Embracing the promise and perils of generative AI: European lawmakers call for global convergence
Di Maximilian Powell
In the rapidly evolving realm of Artificial Intelligence, generative AI systems have emerged as a groundbreaking technology with the potential to revolutionize various industries. While these AI systems hold immense promise, their growing popularity has also raised significant concerns among lawmakers worldwide, particularly within the European Parliament. On Thursday, 13 July, a plenary debate convened in Strasbourg to address the Global Convergence on Generative AI and the pressing need for a regulatory framework that can strike a delicate balance between harnessing its potential and safeguarding against potential harms.
Generative AI systems, exemplified by ChatGPT and its counterparts, have the capacity to produce sophisticated text, images, and videos based on user prompts, pushing the boundaries of what AI can achieve. Their abilities have opened up new possibilities for consumers, businesses, and industries alike, but they have also triggered serious concerns about misinformation, discrimination, manipulation, and potential abuse.
The European Commission proposed the AI Act in April 2021 to establish harmonized rules for AI across the EU. However, the proposal struggled to anticipate the full potential and risks of generative AI, especially considering how these foundation models can be customized for various applications, each carrying unique risk characteristics. In response to the proposal, the European Parliament adopted its position on the AI rulebook with an overwhelming majority on Wednesday (14 June) and is seeking to introduce mandatory labelling for AI-generated content and compel the disclosure of training data covered by copyright.
These concerns were further highlighted at last week’s plenary debate, with Vice-President of the Commission for Values and Transparency, Věra Jourová, advocating for transparency provisions in the AI Act to inform users about chatbot interactions and deepfake encounters. Additionally, she and other MEPs emphasized the strength of the “Brussels effect,” where the EU’s regulatory approach has inspired countries beyond its borders, further highlighting the need for global convergence on generative AI. As the EU positions itself as a global frontrunner in AI regulation, European lawmakers have urged for a cautious, smart, and humble approach to align the regulatory framework with democratic values while fostering innovation and fair competition.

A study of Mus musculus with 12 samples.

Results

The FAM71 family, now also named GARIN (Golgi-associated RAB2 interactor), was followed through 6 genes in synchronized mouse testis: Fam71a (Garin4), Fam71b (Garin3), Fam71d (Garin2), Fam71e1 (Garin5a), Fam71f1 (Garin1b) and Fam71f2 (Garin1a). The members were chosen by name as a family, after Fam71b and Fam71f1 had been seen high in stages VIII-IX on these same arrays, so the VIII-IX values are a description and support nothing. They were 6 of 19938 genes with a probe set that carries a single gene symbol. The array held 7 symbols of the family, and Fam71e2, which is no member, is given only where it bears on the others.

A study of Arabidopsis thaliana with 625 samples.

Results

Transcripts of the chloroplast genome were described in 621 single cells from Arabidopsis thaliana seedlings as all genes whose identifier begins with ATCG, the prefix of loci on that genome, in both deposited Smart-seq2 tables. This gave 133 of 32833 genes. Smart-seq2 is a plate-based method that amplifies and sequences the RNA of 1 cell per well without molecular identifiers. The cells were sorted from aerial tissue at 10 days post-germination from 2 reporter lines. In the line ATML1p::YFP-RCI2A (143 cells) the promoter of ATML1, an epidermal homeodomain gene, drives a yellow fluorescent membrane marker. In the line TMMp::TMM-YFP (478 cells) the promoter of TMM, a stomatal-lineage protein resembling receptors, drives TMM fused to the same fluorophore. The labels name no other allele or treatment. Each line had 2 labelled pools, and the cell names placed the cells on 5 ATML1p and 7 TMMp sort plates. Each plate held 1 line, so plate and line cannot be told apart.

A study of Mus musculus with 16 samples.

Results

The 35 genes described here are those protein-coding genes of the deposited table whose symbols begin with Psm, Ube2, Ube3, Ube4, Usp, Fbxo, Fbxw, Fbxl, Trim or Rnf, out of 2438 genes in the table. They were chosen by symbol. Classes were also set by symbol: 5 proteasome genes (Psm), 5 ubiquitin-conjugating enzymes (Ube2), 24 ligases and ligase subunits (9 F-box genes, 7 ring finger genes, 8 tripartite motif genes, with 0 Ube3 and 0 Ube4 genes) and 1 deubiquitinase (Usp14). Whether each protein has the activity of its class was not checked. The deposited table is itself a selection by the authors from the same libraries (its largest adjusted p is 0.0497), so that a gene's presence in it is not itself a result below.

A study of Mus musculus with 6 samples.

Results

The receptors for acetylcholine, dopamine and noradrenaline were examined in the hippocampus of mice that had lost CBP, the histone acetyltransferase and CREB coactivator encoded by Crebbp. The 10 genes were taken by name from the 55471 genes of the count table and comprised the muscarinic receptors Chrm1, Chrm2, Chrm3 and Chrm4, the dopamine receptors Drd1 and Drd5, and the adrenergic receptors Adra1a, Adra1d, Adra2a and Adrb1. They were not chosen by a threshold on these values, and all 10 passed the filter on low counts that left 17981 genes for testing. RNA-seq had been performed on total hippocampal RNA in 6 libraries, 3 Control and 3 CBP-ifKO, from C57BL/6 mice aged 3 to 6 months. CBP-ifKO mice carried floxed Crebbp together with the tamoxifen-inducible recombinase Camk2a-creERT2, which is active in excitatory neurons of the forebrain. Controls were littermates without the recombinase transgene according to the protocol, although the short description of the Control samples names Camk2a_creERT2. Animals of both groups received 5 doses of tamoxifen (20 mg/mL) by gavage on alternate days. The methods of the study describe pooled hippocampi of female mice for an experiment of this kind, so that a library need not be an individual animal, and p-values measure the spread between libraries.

Despite the rapidly changing environment, one thing remains clear, generative AI stands at the crossroads of boundless opportunities and significant risks. While Europe’s strides in AI regulation and governance position it as a global leader, collaboration and global convergence are seen as essential for tackling the challenges posed by generative AI. In this context, the evolving AI Act has the potential to shape the future of AI regulation, but it requires precision and adaptability to effectively address the challenges posed by foundation models while fostering innovation in the EU’s AI ecosystem.